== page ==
5 Ways to Be a Farmers Market Pro

Chef Amy Huo’s Tips for a Successful Trip to the Market

Amy Huo

Who doesn’t love the farmers market in the height of summer? Fresh vegetables, herbs, and fruits harvested (much of the time) that very morning and friendly producers and farmers proud to talk about their products. But sometimes, navigating through what the best choices are in a sea of pop-up tables and tents can be daunting. Here are a few tips to make your market experience just a little bit better this summer.

1. Don’t buy the bolted herbs.

What does it mean when an herb bolts? And how do you know what this looks like? Cilantro is the most obvious herb that bolts during the summer. You will see a long stem on the top of the bunch with skinny leaves that resemble normal leaves but look as if they have been slightly starved of nutrients. When any plant “bolts,” the energy is transferred from making big, fragrant leaves to producing seeds. This changes the flavor of the herb, making it slightly more bitter and not as strong. Look for bunches of herbs that are full of fatter leaves and that look succulent. And just like those peaches in the grocery store, SMELL before you buy – the stronger the herbs smell, the better they will taste!

2. Get your farmer’s info.

See something you like? Into canning? Chances are, every farmer at each table at the farmers market (especially vegetable growers) have a boatload of produce they didn’t bring to the market. Sometimes time and space constraints limit what farmers can physically take to sell. I usually give my farmers my cell phone number and they text me when they have an abundance of any one item. If you’re into preserving or canning in any capacity, make friends with that guy who has the best beets at the market, or the little old lady who grows amazing mint. The bonus is that you can contact them at any time during the season and find out if they have something no one else has. Corner the market!

Chef Amy Huo of Locavore Mobile Kitchen.
Chef Amy Huo of Locavore Mobile Kitchen.

3. Get there early.

Get there before 9am if you want the best choice of everything at the market. It’s also cooler and quieter and you can talk to all of the producers without feeling that you’re bogging down the line.

I know that many have recommended getting to market later in the day, when vendors are apt to give discounts to rid themselves of leftover produce. I do not advocate for this practice. Not only does it undercut the farmer and their prices, most vendors are nearly sold out by the end of the day and some even pack up early, meaning you miss out on the best stuff (that’s another reason I advocate for getting your farmers’ phone numbers). Herbs wilt in the heat by the time the market ends, the lamb chops are usually gone, and even the strawberries begin to shrivel. Get there before 9am if you want the best choice of everything at the market. It’s also cooler and quieter and you can talk to all of the producers without feeling that you’re bogging down the line.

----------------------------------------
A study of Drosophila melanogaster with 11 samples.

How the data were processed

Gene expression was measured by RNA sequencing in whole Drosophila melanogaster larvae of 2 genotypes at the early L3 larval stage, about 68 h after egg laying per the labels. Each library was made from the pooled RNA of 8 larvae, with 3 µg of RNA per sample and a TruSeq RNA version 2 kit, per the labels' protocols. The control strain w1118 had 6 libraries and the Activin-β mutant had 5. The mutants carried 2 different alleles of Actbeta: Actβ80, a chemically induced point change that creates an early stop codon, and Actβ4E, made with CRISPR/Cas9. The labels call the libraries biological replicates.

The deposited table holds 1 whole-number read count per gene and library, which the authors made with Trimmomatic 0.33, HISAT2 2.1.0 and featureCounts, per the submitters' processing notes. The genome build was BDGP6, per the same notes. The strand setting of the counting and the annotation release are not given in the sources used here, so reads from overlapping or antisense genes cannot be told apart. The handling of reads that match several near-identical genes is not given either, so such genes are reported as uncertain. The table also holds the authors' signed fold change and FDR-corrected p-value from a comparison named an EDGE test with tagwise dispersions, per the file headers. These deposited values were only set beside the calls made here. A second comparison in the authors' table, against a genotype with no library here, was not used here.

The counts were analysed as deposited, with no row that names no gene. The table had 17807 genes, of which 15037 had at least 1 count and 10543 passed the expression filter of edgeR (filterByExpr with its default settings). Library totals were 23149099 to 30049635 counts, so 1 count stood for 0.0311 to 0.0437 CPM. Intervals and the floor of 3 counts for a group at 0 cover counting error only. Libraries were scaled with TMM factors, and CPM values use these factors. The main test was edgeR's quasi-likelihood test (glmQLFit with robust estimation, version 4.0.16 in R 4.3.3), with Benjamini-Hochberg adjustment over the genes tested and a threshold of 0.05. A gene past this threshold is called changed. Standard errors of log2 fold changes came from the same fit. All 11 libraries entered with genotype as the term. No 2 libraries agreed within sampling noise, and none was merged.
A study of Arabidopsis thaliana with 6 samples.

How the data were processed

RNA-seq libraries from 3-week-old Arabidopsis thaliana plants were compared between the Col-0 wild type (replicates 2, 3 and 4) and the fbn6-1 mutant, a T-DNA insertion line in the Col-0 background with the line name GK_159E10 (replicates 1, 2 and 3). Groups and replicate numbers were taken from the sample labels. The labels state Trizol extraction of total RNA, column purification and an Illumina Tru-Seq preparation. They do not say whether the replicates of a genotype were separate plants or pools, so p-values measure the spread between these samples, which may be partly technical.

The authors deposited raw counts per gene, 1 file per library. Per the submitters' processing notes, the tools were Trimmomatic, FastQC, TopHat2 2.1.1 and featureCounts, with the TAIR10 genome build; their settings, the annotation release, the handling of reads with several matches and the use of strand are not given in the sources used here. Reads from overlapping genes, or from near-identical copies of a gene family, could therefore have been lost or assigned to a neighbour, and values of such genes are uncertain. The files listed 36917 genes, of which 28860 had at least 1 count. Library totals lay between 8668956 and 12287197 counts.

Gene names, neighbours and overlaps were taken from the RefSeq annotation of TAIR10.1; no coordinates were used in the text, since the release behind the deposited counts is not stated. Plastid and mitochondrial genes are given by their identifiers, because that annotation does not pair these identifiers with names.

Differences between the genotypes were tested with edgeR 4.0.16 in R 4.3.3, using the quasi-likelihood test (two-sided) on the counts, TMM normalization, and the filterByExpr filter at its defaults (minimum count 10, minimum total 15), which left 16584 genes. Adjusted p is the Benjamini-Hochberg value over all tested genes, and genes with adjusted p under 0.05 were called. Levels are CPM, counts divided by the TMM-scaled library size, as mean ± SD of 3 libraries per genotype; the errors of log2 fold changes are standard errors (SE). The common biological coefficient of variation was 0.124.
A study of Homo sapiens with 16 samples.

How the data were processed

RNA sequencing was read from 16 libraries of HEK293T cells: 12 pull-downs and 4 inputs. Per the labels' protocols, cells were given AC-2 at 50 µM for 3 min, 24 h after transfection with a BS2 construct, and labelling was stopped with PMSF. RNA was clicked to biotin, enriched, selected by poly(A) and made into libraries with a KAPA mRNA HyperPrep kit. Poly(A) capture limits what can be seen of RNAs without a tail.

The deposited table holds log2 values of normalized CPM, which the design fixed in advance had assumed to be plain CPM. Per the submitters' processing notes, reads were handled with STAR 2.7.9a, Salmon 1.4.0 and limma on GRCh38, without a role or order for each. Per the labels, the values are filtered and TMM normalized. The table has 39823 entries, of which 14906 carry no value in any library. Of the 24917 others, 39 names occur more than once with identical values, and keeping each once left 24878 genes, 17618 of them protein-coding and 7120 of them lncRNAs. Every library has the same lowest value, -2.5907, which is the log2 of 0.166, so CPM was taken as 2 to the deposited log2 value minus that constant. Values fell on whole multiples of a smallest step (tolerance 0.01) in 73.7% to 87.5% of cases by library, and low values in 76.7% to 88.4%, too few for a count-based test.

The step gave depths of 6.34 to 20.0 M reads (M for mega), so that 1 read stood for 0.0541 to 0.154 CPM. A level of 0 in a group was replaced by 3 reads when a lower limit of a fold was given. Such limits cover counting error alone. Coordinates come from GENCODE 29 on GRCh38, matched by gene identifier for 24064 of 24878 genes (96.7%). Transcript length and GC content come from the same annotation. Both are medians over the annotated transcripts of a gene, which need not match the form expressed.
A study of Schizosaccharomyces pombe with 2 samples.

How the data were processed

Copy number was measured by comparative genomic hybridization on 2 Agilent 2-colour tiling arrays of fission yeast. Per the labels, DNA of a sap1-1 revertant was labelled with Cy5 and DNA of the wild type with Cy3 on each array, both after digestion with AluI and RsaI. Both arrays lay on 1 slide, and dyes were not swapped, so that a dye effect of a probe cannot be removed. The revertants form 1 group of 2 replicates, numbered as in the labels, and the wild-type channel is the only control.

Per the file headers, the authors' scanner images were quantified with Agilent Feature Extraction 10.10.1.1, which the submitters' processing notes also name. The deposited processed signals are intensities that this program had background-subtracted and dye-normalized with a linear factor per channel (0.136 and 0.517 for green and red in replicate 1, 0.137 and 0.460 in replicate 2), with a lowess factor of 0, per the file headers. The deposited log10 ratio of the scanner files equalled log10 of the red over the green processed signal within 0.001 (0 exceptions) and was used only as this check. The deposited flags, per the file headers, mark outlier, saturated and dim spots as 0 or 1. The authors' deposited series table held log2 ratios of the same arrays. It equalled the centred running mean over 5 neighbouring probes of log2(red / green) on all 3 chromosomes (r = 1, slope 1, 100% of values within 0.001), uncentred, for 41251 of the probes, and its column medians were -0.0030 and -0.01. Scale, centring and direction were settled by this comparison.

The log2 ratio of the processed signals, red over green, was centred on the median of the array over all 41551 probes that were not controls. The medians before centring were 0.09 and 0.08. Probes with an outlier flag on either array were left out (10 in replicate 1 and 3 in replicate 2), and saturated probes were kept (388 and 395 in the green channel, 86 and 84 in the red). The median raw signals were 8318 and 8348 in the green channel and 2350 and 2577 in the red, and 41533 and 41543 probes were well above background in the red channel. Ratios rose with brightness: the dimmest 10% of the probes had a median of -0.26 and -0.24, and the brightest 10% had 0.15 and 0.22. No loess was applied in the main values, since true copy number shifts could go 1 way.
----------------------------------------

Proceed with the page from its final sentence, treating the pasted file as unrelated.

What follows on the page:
4. Try something new.

Two weeks ago, I saw a green I did not recognize at one of the vendor’s tables. Turns out, it was a cross between a mustard green and a bok choy. It was flavorful and really added some extra punch to the breakfast potatoes we serve at the Locavore. When trying new things, a bunch or pound at a time is enough. Don’t buy 5 bunches of an unfamiliar veggie only to let it rot in your fridge. (I see you, I know, I’ve been there – everyone’s busy these days!)

5. Watch for Extras.

Most farmers sell per bunch rather than per pound these days. But either way, keep an eye out for bunches or pounds that look more voluminous than they are. This is especially important for things like rhubarb. Sometimes, the ends of the stalks have remnants of leaves that were cut off, increasing the weight slightly but also increasing your waste. Asparagus that must have the tough part of the stalk trimmed off will decrease your yield when cooking. Keep this in mind if you’re buying for a recipe. You may need to buy another bunch or pound to ensure you’ve got enough.